Andy Rooney

CBS 60 Minutes

February 20, 2005

[Note: The following commentary is copyright by CBS and is reproduced here for non-commercial, educational purposes only as "fair use." Any other use requires the permission of CBS. As of February 21, 2005, it was also available online at]

Our advertising in America is really well done. Some of the most creative people in this country are in the business. The trouble is, many companies are selling their product better than they're making it.

You can't get away from being advertised at anymore. I come to work every morning, and the CBS building has been defaced with ads for its television shows.

The average time taken for commercials in an hour of television is 20 minutes now - one third. That's close to the limit of tolerance people have for commercials; they go for the "mute" button. So the networks sneak commercials into the program themselves, like the Bud Lite plug in the show called “Survivor.”

I get mad every week because they won't leave my piece alone. While I'm trying to keep your attention with what I'm saying, they distract you with a plug for “Cold Case.”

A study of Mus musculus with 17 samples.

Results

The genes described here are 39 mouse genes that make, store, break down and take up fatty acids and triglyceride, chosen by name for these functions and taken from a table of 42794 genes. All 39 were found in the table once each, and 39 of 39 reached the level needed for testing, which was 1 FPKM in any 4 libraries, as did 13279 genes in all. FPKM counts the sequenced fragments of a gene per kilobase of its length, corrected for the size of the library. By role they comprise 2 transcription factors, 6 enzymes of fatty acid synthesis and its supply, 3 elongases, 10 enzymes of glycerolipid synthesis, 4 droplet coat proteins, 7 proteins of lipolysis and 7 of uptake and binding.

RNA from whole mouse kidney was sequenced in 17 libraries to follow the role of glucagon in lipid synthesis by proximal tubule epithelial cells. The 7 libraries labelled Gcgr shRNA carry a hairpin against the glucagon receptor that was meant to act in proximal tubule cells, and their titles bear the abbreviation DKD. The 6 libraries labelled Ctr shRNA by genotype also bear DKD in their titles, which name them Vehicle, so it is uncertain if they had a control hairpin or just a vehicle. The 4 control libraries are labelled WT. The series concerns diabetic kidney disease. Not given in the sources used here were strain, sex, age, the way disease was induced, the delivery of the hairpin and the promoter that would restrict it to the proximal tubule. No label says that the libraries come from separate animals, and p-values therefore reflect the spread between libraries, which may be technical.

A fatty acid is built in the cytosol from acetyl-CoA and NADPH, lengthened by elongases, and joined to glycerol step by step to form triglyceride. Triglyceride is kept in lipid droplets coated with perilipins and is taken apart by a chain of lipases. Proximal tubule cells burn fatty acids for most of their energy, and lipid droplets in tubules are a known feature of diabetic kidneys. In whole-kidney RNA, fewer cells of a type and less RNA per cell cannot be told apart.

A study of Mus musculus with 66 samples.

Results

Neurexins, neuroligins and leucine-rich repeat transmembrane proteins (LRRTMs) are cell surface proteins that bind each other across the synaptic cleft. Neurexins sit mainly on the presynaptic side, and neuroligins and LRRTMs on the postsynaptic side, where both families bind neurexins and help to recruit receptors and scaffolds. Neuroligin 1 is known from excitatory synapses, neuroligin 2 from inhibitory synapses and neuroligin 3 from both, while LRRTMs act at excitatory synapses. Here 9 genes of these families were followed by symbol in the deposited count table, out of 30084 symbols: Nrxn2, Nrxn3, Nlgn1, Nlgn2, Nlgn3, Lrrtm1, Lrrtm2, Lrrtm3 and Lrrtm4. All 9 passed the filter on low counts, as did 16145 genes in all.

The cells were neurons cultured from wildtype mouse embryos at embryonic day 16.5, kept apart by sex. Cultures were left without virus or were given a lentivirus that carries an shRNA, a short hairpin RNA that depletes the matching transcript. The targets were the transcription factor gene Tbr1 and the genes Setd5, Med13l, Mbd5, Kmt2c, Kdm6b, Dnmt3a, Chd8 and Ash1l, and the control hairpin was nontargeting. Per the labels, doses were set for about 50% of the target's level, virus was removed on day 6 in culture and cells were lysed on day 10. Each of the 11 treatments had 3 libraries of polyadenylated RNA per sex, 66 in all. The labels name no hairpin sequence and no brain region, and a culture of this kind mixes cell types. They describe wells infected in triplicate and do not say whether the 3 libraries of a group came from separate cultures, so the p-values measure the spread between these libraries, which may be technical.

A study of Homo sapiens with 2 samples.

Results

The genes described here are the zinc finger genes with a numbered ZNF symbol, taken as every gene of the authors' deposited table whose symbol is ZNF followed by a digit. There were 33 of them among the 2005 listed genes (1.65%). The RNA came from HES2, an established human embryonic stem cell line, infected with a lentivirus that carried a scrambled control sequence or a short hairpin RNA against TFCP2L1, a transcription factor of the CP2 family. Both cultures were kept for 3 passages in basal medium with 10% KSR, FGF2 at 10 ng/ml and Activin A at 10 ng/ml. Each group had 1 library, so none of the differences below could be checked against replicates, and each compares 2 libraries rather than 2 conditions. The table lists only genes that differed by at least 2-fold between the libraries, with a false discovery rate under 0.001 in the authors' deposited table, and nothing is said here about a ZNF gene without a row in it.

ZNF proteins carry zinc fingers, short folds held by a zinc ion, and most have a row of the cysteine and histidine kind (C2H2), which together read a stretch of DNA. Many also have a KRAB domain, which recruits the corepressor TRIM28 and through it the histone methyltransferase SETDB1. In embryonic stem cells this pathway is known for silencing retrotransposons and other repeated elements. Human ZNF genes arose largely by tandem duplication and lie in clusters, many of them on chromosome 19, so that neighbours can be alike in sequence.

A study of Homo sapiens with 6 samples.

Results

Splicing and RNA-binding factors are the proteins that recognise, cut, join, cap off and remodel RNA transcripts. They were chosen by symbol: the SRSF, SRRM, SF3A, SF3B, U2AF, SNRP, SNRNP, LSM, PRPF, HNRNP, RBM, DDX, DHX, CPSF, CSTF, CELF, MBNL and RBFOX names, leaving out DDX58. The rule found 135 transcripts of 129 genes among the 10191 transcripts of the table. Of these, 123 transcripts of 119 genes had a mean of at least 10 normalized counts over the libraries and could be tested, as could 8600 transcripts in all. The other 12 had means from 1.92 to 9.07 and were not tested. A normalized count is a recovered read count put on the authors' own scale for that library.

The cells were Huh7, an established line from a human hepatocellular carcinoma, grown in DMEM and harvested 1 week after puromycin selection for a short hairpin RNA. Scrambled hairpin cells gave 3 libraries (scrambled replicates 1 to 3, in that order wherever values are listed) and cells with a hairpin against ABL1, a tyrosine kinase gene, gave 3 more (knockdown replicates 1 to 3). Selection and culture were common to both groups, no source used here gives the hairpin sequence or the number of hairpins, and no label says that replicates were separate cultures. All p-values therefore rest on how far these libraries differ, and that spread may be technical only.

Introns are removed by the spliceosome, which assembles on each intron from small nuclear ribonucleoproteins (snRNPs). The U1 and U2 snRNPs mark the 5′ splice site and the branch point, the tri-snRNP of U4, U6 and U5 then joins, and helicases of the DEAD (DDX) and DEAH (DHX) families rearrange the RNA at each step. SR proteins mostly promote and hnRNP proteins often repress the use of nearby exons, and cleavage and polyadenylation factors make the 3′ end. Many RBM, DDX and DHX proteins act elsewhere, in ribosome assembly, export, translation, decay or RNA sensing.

In the office here, we have ads coming in all day on the fax machine. How come a company using our FAX machine for their ad doesn't have to pay for our paper?

The great new communications tool, email, is inundated now with Spam, unsolicited advertising.

Wherever you go, you're being advertised at. There's simply no place to hide anymore. Taxi cabs everywhere carry advertising. It's on the sides and backs of trucks. Buses are covered with it. I don't want to be sold something everywhere I go.

I used to look forward to my mail - now mail is more a pain than a pleasure. Two-thirds of all the mail I get is advertising. And I throw it away without opening it.

Vogue is a beautifully done magazine but the table of contents is on page 28. Everything before that is advertising. Then there's another 46 pages of ads before a letter from the editor. The first little article is on page 82.

We're all familiar with the theaters that say the movie starts at 7 p.m. We know it doesn't. They turn the lights out at 7 p.m. and you have to sit through 15 minutes of commercials. You don't leave because you paid $9.50 to get in.

No matter where you go, advertising is in your face.

Most of us don't mind a certain amount of advertising. It can be attractive and interesting. It pays my salary. The only thing wrong is, there's too much advertising for advertising’s own good.